OO By Attributes
This describes a different way of handling objects rather than using classes. These ideas are probably not new.
I like to write MUDs. Not the actual world-building parts, but the guts, the bits that allow others to write the world-building parts.
I have recently been enchanted with SQLAlchemy. I don't think I'll ever find a more ideal solution for long-term storage than SQLAlchemy. This is an ORM, which allows the programmer to map classes to SQL database tables.
While playing around with yet another idea of a MUD, I started with the basic objects:
The idea was that I'd add new classes as new behaviors and attributes were introduced. I'd like to do so dynamically, so that the MUD becomes its own environment with its own rules. Ideally, a MUD admin could go and create an entirely new rule that applies world-wide while the MUD is still running.
I toyed with inheritance in SQLAlchemy and relational tables, but I quickly discovered that this was a mess. Rather than try to get it actually working, I gave up on the concept altogether. I gave up on the idea of structured data, really. I poked at ZopeDB and other object-oriented databases, and I quickly found that these were married to classes, which I felt wasn't appropriate.
The idea =
The idea came to me that you can extend items by adding attributes and effects. The rules would apply to all attributes, and each attribute would have special clauses in the rules. In this way, you don't need inheritance for items.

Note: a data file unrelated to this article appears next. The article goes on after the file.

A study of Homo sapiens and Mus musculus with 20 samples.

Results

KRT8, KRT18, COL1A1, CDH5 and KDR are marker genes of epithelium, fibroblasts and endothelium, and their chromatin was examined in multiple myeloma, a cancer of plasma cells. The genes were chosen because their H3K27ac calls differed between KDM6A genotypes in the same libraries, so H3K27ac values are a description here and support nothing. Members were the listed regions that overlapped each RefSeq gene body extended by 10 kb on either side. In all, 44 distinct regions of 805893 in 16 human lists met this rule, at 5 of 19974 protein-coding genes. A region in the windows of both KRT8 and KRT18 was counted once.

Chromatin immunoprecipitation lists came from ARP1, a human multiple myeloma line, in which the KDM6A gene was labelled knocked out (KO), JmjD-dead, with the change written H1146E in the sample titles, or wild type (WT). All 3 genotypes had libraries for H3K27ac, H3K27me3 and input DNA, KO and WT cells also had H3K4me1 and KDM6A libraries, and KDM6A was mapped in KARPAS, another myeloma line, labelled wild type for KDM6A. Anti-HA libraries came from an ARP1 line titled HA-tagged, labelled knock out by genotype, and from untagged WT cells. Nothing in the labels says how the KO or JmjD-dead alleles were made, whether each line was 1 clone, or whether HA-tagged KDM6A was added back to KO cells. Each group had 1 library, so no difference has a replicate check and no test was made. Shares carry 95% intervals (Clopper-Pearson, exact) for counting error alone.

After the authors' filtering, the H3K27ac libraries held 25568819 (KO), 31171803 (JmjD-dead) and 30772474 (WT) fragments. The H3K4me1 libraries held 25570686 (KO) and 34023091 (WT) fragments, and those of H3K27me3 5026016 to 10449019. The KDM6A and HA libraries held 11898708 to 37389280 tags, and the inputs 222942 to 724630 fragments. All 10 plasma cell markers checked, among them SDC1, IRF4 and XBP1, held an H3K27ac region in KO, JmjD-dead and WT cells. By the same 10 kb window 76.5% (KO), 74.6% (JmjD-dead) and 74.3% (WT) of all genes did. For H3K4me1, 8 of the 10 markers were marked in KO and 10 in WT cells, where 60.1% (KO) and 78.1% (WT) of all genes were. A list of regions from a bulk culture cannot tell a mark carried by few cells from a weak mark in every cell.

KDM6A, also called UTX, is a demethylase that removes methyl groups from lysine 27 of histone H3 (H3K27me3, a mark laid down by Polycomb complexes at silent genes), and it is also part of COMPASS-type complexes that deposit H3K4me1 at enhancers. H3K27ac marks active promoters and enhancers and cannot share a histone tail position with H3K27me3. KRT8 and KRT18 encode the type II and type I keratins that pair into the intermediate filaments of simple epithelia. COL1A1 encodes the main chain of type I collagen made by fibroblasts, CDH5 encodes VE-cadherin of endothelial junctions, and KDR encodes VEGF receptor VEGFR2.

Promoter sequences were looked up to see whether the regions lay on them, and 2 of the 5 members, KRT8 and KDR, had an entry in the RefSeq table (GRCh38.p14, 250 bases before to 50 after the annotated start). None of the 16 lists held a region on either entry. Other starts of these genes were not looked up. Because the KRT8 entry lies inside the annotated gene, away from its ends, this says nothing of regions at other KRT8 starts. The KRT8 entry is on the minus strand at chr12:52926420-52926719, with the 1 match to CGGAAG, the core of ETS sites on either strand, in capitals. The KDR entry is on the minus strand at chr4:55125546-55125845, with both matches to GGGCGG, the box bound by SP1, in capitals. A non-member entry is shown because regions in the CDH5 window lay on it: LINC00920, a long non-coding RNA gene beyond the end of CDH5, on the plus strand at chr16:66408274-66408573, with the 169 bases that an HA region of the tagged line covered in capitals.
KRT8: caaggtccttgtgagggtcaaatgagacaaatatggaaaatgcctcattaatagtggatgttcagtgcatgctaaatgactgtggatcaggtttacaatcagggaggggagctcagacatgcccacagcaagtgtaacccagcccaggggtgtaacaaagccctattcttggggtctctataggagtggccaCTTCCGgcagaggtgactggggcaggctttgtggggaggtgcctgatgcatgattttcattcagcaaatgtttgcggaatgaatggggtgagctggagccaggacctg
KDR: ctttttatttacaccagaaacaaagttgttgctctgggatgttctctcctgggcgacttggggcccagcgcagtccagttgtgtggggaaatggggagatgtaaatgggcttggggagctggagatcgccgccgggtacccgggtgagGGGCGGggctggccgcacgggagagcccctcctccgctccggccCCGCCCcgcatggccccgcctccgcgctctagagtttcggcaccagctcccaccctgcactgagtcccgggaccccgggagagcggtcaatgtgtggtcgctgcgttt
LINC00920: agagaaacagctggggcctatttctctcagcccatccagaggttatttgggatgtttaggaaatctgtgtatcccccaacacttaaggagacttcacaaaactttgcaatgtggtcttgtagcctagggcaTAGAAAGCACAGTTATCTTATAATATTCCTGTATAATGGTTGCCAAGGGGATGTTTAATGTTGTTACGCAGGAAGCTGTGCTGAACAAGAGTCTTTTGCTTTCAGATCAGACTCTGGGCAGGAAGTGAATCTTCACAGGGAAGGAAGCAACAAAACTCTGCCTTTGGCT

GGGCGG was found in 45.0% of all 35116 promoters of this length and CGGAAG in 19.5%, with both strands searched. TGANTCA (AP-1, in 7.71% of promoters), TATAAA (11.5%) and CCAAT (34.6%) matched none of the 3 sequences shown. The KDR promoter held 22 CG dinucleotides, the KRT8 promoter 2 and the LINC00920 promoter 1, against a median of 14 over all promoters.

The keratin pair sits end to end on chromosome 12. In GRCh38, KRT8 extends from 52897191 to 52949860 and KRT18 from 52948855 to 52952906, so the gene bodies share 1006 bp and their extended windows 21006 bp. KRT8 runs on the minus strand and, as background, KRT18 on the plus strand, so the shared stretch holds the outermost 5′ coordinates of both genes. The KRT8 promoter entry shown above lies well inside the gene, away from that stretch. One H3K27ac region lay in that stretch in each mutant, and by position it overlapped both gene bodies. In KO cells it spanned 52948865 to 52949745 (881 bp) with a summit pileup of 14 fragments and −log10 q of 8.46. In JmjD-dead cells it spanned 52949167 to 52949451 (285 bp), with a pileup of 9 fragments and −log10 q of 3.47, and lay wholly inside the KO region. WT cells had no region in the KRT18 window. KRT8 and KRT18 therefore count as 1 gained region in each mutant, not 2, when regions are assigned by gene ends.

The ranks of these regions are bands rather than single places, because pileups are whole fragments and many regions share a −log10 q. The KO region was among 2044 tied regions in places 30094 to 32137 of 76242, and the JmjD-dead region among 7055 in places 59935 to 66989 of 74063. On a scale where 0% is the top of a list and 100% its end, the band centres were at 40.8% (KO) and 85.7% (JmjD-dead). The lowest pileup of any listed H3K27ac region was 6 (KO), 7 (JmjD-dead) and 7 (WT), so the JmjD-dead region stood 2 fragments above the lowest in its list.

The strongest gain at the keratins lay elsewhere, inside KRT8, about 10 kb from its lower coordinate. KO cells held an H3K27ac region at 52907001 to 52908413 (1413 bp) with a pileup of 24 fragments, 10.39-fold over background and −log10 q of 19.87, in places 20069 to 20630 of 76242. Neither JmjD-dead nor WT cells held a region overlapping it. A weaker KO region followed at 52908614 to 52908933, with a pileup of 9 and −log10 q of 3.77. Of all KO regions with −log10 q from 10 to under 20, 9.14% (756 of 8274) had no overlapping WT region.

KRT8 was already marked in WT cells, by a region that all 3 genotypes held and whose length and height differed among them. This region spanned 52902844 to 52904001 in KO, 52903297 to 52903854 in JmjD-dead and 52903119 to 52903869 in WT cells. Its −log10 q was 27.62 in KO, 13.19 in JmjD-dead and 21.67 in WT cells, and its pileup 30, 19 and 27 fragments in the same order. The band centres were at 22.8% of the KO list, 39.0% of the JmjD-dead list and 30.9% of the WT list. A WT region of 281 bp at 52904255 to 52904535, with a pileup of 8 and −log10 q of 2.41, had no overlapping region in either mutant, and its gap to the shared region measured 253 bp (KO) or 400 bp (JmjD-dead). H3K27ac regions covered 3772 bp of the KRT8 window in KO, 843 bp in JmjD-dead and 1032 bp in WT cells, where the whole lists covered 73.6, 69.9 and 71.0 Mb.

Well, if items, such as weapons, armor, and food, need not be distinct classes, could I do the same for rooms, exits, and people? The answer was, of course! A room is special because it is a container (like a bag), and it has exits (unlike a bag.) A mob is special because he has intentions, skills, etc... Players are special because they are bound to accounts. But ultimately, everything is really an item, or rather, and object.
So the generic object formed in my head, having these properties:
- An object can have any attribute.
- The rules apply to all objects equally. The rules distinguish one object's behavior form another based solely on their attributes.
Storing an object as a set of attribute-value pairs is almost trivial in a relational database. Of course, the true power of the database is sort of wasted. (I've never felt like the strict typing was beneficial anyway.)
What is Stored in the DB
Every object is indexed by its unique ID, of course. This can be, for sanity's sake, a UUID.
To every object is a set of attribute-value pairs. The value can be any Python value. We can store these in JSON or Python Pickle's format. The attribute must be a valid identifier.
Drawing on Python's behavior, perhaps the attribute's value could be a snippet of code. This would allow us to store methods as attributes.
Various indexes may need to be built into the system to quickly find objects who have particular attributes.
Running the Code
The MUD becomes a simple rules engine. It simply applies the rules which are defined in terms of attributes.
What's Like This?
This sounds surprisingly similar to SmallTalk, a language I've never truly explored.
It also sounds a little like Common Lisp's object model.